Built in 1886, the old Comenius bridge over the Elbe in the Czech town of Jaroměř provided a link between the market sqaure and the south bank of the Elbe. Although the bridge design was of no great aesthetic value, the frequently used bridge was sadly missed by residents when it was destroyed by flooding in June 2013.
Designed on a small budget the replacement bridge had to overcome some difficult design hurdles. Heritage preservation demands meant that the original bridge abutments would have to be retained within the new design which also resulted in the slightly skewed alignment having to be kept. Loading restrictions on the abutments meant a light single span solution would be required.
The new bridge, developed by baum & baroš architects, in collaboration with structural engineers from EXCON, features a rigid triangulated truss. The relatively simple structure hides a complex structural design that focuses on a prestressed steel beam which provides spacial rigidity, low weight and lower material cost. The structure is mounted on two elastomer pot bearings, which are fixed at either end of the compression member. Lateral buckling of the structure is prevented by two adjustable rocking piers fitted at the end of each span. This anchoring method enables the axial symmetry of the structure to be maintained, irrespective of the skewed angle of the historic bridge.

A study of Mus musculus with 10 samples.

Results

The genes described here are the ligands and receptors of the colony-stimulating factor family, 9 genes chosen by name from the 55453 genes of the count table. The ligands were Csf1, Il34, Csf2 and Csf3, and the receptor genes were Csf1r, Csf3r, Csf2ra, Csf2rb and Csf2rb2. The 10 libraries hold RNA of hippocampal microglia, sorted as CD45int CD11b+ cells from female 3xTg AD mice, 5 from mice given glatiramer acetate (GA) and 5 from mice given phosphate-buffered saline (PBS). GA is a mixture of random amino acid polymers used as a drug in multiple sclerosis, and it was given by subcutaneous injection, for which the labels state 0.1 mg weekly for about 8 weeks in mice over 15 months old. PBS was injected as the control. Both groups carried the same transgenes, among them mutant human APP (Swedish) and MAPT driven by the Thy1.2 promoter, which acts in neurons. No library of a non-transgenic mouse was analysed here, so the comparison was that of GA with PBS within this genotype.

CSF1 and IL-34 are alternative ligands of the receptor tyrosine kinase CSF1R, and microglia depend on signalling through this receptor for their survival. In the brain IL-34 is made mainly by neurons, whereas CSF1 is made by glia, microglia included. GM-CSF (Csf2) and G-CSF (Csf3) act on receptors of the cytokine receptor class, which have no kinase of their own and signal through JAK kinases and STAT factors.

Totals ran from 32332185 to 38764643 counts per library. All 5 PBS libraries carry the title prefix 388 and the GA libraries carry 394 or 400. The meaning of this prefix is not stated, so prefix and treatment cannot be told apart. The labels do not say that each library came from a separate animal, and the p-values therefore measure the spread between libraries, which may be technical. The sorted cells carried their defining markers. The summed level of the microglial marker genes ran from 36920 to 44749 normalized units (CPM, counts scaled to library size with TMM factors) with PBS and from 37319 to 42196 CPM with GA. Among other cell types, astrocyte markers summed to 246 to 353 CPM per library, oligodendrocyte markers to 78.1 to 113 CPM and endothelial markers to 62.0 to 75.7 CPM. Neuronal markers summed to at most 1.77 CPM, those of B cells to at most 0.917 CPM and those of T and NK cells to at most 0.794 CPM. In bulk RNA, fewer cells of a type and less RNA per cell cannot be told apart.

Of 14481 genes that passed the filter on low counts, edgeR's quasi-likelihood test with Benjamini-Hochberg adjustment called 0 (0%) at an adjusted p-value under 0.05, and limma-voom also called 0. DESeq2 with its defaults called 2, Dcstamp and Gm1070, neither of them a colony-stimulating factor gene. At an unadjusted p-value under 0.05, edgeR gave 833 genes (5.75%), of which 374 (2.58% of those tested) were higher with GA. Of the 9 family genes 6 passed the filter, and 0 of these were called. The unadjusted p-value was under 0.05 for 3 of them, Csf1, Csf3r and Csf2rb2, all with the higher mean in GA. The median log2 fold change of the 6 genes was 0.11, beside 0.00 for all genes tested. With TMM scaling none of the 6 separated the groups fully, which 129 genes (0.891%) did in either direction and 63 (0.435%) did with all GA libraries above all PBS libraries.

The central compression member which doubles as a cable channel, is formed from a 76 cm diameter circular hollow section with a one metre chamber. Both end-spans are designed as two-part spatial structures, for transmitting tensile force into the central compression member. Three longitudinal beams act, in part, to absorb the load, and at the same time, support the grid-form deck.
The tensioning system is formed by three flat parabolae. The lower parabola running in the vertical plane serves to absorb the vertical loads, whilst the two parabolae which extend in oblique planes lend torsional rigidity to the structure. The ends of the tension elements are furnished with opposite threads with a turnbuckle in the middle.
The bridge deck is formed from a network of steel elements that integrate with the filigree steel that forms the balustrades. The deck is primarily intended for cycle and pedestrian traffic, but can also accommodate emergency response and maintenance vehicles up to 3.5 tonnes.
All load bearing and non-load bearing steel components of the bridge are hot dip galvanized. Its metallic surfaces, emphasise the technical and functional appearance of the bridge and will provide long-lasting protection for many decades.